September 2, 2019 feature
A method to simulate strongly correlated phases of quantum gauge theories
Quantum gauge theories are mathematical constructs that are typically used by physicists to describe subatomic particles, their associated wave fields and the interactions between them. The dynamics outlined by these theories are difficult to compute, yet effectively emulating them in the lab could lead to valuable new insight and discoveries.
In a recent study, a team of researchers at ETH Zurich's Institute for Quantum Electronics successfully implemented a fundamental ingredient for the simulation of quantum gauge theories in a laboratory experiment. Their hope is that by simulating quantum systems in a highly controlled environment, they will gather interesting observations and broaden their understanding of many-body systems (i.e., systems with many particles that interact with each other).
"Usually, our work is inspired by phenomena in solid state physics such as strongly correlated phases of electrons in complex materials," Tilman Esslinger, one of the researchers who carried out the study, told Phys.org. "In our current work, however, we wanted to extend the scope of our experimental platform (i.e., ultracold atoms in optical lattices) in order to investigate a new set of phenomena occurring in high-energy and condensed matter physics. The objective was to demonstrate that it is possible to engineer gauge fields in our setup that are dynamical quantum degrees of freedom due to their coupling to a matter field."
Gauge fields are a vital component of several quantum field theories, including quantum electrodynamics and chromodynamics. They describe a large class of phenomena in various areas of physics, such as elementary particle physics, condensed matter physics and quantum information theory. Implementing gauge fields in cold atom setups would hence allow researchers to investigate some of these phenomena in the lab.
The approach used by Esslinger and his colleagues in their study is based on a technique called Floquet engineering. This method is used to modulate a quantum system periodically over time, enabling the implementation of new physical models during the experiment that are not accessible in static systems.
In their experiments, the researchers cooled down fermionic potassium atoms to temperatures close to absolute zero. In this regime, quantum effects dominate the particles' behavior. This allowed them to study these effects in a highly controllable environment. Subsequently, Esslinger and his colleagues loaded the cooled atoms into an artificial crystal made up of laser light, thereby simulating specific behaviors, for instance, those of electrons in a solid state material.
"In order to engineer the density-dependent Peierls phases, we used a Floquet approach and shook the optical lattice along one direction," Frederik Görg, another researcher involved in the study, told Phys.org. "This allowed us to control the quantum mechanical tunneling process of the atoms between neighboring sites of the lattice."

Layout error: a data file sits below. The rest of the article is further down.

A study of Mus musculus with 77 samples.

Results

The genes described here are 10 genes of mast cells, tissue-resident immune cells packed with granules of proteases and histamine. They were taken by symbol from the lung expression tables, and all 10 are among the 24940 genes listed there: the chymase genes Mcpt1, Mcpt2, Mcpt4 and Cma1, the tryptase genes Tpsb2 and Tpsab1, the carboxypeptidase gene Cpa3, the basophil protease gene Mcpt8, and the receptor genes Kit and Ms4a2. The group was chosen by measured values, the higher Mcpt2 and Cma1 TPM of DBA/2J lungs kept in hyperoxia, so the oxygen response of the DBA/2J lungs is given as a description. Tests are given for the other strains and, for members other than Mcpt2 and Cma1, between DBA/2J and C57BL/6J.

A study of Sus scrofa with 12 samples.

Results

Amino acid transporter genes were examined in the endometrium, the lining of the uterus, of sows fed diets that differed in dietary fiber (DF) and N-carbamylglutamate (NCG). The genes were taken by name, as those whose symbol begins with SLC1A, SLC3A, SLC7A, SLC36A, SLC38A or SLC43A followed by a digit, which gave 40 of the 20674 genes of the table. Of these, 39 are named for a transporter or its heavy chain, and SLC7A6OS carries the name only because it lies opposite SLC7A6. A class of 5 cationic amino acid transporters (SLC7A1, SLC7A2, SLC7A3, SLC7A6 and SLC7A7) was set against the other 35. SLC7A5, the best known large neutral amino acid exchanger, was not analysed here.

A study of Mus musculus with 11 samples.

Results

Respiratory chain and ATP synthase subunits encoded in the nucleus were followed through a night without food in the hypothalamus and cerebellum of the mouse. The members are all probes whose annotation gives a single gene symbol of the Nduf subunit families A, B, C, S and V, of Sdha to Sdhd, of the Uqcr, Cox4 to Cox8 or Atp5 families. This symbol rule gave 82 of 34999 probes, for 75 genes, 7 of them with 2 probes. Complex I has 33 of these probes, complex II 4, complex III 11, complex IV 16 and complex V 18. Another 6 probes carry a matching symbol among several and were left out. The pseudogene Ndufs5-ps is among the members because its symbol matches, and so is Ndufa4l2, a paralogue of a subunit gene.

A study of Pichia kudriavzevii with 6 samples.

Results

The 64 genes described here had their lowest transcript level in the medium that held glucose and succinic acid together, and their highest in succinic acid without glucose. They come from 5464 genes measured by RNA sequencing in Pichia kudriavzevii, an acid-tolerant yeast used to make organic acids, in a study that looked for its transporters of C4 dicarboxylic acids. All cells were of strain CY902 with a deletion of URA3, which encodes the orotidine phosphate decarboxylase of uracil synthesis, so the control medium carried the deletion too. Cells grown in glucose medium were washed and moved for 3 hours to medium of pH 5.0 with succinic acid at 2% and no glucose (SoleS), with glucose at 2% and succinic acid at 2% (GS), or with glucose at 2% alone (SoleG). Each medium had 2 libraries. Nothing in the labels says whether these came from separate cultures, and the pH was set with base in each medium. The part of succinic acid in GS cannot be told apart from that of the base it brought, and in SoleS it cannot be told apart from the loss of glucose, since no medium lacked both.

By driving the system at two distinct frequencies with a relative phase, Esslinger and his colleagues were able to achieve a complex-valued tunneling that included a Peierls phase. As a result, the atoms used in their experiment started behaving as if they were exposed to a synthetic gauge field.
"Since the shaking frequencies are chosen to be resonant with the interaction between the particles, the Peierls phase and therefore the associated gauge field depend on the atomic configuration in the lattice," Görg explained. "This leads to a back-action mechanism between the matter and the gauge field: Atoms will start to move due to the presence of the gauge field, which in turn will change the gauge field itself."
In their study, the researchers developed a measurement scheme on an individual link of the lattice. Using this scheme, they measured the Peierls phase that the atoms pick up when tunneling on top of a second atom and compared it to the phase that they pick up when hopping on an empty site.
The researchers observed that there was a significant difference between these two phases. This suggests that the gauge field associated with these Peierls phases depends on the occupation of the lattice sites—in other words, it is density-dependent.
"Such a strongly correlated system consisting of atoms coupled to a dynamical gauge field is very hard to tackle with numerical simulations on classical computers," Görg said. "Our work is the first step toward an experimental quantum simulation of lattice gauge theories, which can shed new light on poorly understood phenomena in condensed matter and high-energy physics."
The recent study carried out by this team of researchers introduces a new versatile method to implement and simulate different classes of density-dependent gauge fields. Ultimately, the technique they proposed could pave the way for exciting new physics observations and theories. In their future work, the researchers plan to use it to study the interplay between dynamical gauge fields and atoms in many-body systems implemented in an extended optical lattice.
"We have already shown in previous work that we have a very good control over driven many-body systems and that we can mitigate problems associated with interacting Floquet systems such as heating," Esslinger said. "Together with the density-dependent Peierls phases demonstrated in this paper, our experiment provides a versatile platform to simulate and understand strongly correlated phases of quantum gauge theories."